Although children have proliferated in Spain’s cinema since its inception, nowhere are they privileged and complicated in quite the same way as in the films of the 1970s and early 1980s, a period of radical political and cultural change for the nation as it emerged from almost four decades of repressive dictatorship under the rule of General Francisco Franco. In Inhabiting the In-Between: Childhood and Cinema in Spain’s Long Transition, Sarah Thomas analyses the cinematic child within this complex historical conjuncture of a nation looking back on decades of authoritarian rule and forward to an uncertain future.
Examining films from several genres by four key directors of the Transition – Carlos Saura, Antonio Mercero, Víctor Erice, and Jaime de Armiñán – Thomas explores how the child is represented as both subject and object, and self and other, and consistently cast in a position between categories or binary poles. She demonstrates how the cinematic child that materializes in this period is a fundamentally shifting, oscillating, ambivalent figure that points toward the impossibility of fully comprehending the historical past and the figure of the other, while inviting an ethical engagement with each.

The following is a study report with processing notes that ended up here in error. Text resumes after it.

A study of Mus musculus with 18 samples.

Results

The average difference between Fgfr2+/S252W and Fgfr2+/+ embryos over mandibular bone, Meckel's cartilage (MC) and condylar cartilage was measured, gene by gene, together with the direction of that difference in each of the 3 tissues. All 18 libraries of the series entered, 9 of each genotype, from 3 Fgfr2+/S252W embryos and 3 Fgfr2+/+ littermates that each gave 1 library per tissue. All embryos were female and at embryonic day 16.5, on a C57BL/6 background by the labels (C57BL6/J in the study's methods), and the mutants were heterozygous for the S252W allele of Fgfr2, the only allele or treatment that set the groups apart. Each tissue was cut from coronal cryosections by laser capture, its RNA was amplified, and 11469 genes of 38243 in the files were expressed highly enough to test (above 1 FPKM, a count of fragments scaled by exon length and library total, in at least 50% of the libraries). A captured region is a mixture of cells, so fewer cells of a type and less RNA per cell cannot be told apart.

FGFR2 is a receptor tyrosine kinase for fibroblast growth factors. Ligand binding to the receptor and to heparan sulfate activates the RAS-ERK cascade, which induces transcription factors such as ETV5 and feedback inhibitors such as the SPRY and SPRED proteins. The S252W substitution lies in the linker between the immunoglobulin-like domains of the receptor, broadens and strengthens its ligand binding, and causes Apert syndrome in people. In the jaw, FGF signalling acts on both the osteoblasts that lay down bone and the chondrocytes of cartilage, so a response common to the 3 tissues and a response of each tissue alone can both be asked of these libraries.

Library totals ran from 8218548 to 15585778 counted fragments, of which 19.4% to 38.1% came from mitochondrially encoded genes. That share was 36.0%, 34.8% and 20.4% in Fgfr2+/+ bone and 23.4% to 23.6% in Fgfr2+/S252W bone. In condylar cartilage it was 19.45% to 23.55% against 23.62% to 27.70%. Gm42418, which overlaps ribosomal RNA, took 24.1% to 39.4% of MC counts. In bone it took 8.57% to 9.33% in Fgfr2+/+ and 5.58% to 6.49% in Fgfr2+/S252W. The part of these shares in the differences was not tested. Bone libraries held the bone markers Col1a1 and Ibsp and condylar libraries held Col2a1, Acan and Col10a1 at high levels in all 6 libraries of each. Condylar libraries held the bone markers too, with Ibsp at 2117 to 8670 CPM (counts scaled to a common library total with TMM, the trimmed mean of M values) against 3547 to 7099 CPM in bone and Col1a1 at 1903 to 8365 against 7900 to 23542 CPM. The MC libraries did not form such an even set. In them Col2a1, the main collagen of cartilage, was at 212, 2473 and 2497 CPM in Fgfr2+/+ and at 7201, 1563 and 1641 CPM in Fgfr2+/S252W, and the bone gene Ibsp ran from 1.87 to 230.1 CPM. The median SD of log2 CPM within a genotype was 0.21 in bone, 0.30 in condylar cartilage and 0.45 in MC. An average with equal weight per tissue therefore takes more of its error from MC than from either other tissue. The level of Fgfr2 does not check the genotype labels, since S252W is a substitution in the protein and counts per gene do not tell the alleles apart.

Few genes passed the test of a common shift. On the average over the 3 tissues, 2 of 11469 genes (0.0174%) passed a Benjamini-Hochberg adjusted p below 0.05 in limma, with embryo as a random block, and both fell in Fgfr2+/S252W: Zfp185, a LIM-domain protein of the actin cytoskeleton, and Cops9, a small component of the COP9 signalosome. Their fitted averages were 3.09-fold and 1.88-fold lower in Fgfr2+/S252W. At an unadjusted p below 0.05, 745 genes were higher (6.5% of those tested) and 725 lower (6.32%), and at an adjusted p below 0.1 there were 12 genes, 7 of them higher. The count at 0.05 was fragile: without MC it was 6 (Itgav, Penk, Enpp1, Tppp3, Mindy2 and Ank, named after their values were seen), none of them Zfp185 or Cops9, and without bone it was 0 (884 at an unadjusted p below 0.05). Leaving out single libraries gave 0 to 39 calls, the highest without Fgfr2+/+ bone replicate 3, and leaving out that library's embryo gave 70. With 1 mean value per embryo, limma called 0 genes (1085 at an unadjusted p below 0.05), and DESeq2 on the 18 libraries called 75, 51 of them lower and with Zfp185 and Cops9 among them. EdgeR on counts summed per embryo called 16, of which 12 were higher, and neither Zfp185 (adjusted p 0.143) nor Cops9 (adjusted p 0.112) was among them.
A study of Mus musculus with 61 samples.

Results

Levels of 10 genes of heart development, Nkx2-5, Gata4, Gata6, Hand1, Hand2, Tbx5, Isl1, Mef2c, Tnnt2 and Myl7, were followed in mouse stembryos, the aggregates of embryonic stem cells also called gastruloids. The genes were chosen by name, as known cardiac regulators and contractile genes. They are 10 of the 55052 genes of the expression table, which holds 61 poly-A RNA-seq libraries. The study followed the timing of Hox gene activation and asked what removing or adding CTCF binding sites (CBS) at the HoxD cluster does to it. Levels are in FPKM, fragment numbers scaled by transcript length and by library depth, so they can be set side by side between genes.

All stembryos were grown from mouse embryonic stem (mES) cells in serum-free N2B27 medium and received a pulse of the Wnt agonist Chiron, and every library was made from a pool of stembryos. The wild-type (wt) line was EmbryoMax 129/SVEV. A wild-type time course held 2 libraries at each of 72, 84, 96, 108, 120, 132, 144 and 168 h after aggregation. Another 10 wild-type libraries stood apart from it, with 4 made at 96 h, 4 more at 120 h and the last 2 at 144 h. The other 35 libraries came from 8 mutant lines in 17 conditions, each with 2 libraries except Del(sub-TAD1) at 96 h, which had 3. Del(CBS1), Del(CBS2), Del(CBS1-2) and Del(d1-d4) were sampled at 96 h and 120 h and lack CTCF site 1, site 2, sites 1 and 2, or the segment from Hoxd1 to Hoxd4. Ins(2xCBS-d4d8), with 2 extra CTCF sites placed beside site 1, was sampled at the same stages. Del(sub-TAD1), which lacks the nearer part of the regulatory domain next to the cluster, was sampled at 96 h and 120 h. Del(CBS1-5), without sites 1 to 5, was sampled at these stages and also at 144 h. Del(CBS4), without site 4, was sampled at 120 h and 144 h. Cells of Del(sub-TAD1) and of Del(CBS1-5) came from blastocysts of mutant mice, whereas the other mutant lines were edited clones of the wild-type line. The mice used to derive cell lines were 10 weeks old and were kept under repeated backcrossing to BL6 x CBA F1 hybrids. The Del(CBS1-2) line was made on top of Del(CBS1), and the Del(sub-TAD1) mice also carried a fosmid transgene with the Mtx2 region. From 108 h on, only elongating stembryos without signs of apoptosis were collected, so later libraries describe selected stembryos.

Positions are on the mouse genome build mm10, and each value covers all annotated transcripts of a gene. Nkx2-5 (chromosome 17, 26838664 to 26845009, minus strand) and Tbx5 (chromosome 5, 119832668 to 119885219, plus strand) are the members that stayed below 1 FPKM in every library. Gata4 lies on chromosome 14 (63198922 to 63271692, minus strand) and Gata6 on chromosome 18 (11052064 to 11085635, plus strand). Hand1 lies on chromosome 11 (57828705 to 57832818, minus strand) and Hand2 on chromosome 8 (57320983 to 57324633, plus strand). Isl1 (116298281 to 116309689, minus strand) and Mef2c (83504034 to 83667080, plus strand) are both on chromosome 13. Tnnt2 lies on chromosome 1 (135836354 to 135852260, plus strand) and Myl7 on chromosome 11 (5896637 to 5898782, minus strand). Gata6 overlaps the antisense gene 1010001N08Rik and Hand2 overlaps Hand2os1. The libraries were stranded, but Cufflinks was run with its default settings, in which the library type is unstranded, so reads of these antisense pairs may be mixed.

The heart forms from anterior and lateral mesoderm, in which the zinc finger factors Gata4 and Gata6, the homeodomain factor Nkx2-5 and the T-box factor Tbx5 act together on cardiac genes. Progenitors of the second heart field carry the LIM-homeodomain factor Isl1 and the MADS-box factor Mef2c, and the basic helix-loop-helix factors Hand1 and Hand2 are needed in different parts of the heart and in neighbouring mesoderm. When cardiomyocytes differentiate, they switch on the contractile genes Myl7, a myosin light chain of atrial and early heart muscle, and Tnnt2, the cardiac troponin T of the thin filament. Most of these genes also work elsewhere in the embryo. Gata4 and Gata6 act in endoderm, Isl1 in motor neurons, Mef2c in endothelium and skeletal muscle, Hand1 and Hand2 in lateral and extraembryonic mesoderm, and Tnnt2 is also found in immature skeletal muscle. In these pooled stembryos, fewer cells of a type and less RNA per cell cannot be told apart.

"The innovative and convincing interpretations of Inhabiting the In-Between recommend themselves to the reader with an insistence upon the narrative and psychological complexity of these films. Beyond its substantial contribution to Spanish film studies, this book urges one to be aware that the liminality of childhood and adolescence is brief, irretrievable, and when neglected, can amount to a missed opportunity."
"Thomas has crafted a meticulously documented study that is theoretically sound, insightful, and nimbly written. This monograph will be of great interest to a wide readership, especially those interested in Iberian Studies and film criticism. As such, Thomas’s monograph on in-betweenness and childhood in selected films from the Long Transition is a welcome contribution to the field."